Many of my neighbors have toured the White House, and I suspect that a number of us have imagined the conversation we'd like to have if the Commander-in-Chief peered around the doorway to say hello. In 1900, by her own account, South Orange's own Katharine Kip had the opportunity to visit President McKinley at the White House.
1900 was an election year, both locally and nationally. In South Orange, Katharine's husband, ., was elected to his first term as Village President. The South Orange Bulletin, the weekly newspaper, reported that he was "elected by an overwhelming majority." At that time, Ira worked at the firm that he and his father founded. According to the Bulletin, Ira A. Kip & Co., East India merchants and brokers was "the best known in its line," due to the Village President's "natural business ability and his high regard for honest and prompt business methods." An avid horseman, Ira Kip and his family lived then at 577 Hamilton Road. They would shortly move to Scotland Road, to what we now call the Kip-Riker Mansion at Temple Sharey-Tefilo Israel.
The Kip family was already claiming their share of column inches in The Bulletin as well as The New York Times. Local notices describe a pair of horses that Ira sold to William H. Barnard for $4,000, and a luncheon that Katharine hosted for 14 guests, where the decorations were pink and white, and the music was provided by a pair of banjoists.
Once Ira was elected, his name appeared almost weekly in the paper. The unnamed editorialist of The Bulletin made "Some Observations" about Ira Kip's leadership. "Village President Ira A. Kip, Jr. believes in making tours about the village now and then," read the comments. "ascertaining for his own satisfaction if our police officers are up and doing. That is a good idea, Mr. Village President."
Yet it was not this connection that took Katharine to the White House. Her uncle, Roswell P. Flower, served in the 47th Congress from Dec. 5, 1881, to March 3, 1883. He was also elected to the 51st and 52nd United States Congresses and served from March 4, 1889, to Sept. 16, 1891, when he resigned to become Governor of New York. He held that post from 1892 to 1894. Her father, John D. Flower, was an extremely successful and well-connected businessman in New York City.
In 1900, Theodore Roosevelt resigned the New York governorship to become McKinley's running mate. It's likely that the Flowers knew Gov. Theodore Roosevelt fairly well, as they were in the same social sphere. Katharine's brother, Nathan Flower, attended a school founded by Roosevelt's tutor. When former Gov. Flower died in 1899, then-Gov. Roosevelt made a public pronouncement of regret. Katharine Kip probably visited the White House due to these connections, and very possibly with a significant campaign contribution in mind.
At the same time, a news item entitled "Republicans Active" reported that South Orange's local group was busy that year, both hosting speakers and posting banners. Four McKinley-Roosevelt banners were raised in South Orange. The "principal banner" was stretched across South Orange Avenue at Scotland Road. Another was raised on Prospect Street. As each banner was put in place, the local Republicans hosted flag raisings, fireworks and celebrations.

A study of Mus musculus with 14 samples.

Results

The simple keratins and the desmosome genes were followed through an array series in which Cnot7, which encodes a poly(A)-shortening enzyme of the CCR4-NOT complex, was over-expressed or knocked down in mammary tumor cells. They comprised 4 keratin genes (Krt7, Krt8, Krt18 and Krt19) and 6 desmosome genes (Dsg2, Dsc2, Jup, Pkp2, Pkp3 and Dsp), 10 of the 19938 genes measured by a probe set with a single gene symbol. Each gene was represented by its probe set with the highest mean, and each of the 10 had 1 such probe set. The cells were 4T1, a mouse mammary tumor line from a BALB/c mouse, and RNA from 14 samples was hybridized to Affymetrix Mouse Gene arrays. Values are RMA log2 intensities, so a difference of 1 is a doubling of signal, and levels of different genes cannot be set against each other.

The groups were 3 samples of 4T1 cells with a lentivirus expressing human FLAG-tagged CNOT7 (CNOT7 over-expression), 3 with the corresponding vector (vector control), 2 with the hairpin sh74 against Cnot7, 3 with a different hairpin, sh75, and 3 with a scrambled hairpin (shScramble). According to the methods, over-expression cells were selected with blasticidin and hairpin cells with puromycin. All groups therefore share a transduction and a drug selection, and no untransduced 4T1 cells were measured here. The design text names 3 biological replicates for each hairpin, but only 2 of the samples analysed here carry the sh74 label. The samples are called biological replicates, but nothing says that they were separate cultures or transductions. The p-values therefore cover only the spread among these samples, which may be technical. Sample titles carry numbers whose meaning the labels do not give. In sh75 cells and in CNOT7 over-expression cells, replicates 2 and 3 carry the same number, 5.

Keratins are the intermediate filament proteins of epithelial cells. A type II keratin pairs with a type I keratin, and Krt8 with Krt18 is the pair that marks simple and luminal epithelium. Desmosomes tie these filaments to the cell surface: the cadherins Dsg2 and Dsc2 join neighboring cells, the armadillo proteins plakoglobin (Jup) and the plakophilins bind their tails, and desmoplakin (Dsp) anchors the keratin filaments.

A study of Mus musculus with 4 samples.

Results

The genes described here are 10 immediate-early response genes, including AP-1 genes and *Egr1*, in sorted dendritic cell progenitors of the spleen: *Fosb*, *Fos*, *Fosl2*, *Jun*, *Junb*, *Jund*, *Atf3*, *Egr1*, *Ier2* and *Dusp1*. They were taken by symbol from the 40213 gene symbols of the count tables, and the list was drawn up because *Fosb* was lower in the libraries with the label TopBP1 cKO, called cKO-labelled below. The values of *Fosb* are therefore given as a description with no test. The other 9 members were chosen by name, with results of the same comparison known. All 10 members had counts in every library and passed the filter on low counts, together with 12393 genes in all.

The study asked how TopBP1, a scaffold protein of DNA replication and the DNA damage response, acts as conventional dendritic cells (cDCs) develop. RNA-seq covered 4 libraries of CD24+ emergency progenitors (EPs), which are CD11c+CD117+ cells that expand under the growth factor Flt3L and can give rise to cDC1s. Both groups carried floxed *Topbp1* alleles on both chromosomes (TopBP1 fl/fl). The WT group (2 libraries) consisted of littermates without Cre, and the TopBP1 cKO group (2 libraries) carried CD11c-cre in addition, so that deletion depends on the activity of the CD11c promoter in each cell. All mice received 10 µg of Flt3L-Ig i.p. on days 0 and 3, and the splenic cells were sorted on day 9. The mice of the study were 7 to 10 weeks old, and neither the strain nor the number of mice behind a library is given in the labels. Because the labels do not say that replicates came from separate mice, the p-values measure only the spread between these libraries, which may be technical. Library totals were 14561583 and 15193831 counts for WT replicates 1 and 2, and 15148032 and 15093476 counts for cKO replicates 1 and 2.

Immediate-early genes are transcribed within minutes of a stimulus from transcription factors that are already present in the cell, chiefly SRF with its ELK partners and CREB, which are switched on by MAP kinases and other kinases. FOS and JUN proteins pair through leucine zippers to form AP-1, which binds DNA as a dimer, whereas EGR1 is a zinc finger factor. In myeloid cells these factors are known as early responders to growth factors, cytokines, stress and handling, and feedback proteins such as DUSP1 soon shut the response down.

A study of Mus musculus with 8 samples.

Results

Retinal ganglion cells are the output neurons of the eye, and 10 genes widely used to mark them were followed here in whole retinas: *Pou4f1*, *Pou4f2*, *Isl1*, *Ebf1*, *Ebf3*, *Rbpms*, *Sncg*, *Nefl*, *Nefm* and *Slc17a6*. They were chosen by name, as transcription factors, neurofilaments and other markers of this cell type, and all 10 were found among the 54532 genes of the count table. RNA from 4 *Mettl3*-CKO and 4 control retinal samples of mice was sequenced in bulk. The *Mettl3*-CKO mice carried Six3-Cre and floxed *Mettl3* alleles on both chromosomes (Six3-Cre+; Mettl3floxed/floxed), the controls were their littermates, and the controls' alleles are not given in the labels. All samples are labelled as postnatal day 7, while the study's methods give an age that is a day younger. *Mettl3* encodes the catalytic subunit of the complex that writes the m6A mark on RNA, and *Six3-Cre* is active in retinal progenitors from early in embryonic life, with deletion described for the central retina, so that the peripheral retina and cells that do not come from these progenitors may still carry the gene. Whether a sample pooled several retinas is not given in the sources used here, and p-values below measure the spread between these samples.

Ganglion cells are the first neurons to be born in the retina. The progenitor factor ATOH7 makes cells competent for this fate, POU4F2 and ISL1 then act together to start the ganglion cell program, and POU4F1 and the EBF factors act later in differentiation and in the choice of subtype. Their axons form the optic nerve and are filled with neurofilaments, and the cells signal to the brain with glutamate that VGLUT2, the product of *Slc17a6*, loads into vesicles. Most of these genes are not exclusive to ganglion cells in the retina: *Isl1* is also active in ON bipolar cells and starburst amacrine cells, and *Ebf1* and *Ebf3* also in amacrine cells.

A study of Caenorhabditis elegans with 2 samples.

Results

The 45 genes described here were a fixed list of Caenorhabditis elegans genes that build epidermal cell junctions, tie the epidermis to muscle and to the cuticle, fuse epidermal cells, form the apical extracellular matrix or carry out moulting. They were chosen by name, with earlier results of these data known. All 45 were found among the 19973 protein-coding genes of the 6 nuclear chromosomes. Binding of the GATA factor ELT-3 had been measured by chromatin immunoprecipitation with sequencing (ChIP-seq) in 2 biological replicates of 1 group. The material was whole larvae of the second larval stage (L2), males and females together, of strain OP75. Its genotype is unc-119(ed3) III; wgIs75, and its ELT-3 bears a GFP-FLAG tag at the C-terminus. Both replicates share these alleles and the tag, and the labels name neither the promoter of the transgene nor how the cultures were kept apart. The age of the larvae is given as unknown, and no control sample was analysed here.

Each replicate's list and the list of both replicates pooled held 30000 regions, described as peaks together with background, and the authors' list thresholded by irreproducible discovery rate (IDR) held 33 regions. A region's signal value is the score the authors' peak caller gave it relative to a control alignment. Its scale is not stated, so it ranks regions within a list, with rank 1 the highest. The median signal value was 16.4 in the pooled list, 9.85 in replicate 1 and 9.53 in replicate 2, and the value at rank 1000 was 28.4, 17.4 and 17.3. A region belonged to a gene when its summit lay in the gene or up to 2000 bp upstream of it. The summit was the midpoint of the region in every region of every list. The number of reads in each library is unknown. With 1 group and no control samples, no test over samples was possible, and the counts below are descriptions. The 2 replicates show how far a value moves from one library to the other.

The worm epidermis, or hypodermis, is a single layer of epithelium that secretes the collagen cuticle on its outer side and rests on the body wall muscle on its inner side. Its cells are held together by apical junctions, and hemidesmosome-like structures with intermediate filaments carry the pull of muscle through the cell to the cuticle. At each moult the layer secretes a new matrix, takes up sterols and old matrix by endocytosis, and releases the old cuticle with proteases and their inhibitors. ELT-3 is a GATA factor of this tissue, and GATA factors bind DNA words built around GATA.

In August of that year, Katharine Kip's father died. His death was reported in the local paper at length, and the writer noted that the sad event "force[d] these social leaders into retirement this season, when, it is understood, they had planned a number of elaborate functions." The following month, reported The Bulletin, the Kip family left for Europe. The six-week voyage was "taken for the benefit of Mrs. Kip, whose health has been poor of late."
Their return date probably brought them home in time for Ira Kip to vote. History suggests that he cast his ballot for McKinley, who touted the flourishing economy as an accomplishment of his first term. The Bulletin reported the election results as a "great triumph for the Republican ticket and reflects the highest possible credit upon the work of the local organization." In South Orange, the McKinley-Roosevelt ticket won by 318 votes. The unnamed editorialist notes that this total included Democrats who "placed patriotism above party, and duty before tradition... They are a patriotic, brave, and loyal class of citizens, who are a credit and honor to any community and country."
While the lace collar Katharine wore to the White House remains a prized possession of a descendant, there is no record of what she and the President discussed. In 1900, Katharine could vote neither locally for her husband, nor nationally for her host. Indeed, Katharine would be nearly 50 years old before the law allowed women into the ballot booth across the country. I'd like to think that on that subject, if no other, Katharine gave the the President an earful.
Happy Presidents Week, neighbors.
Author's note: Many thanks to Pam and Bill, Katharine's kin, and to the staff at SOPL who helped me with microfilm. If any readers have further information on the Kip-Flower-Runyon family, I would be very grateful.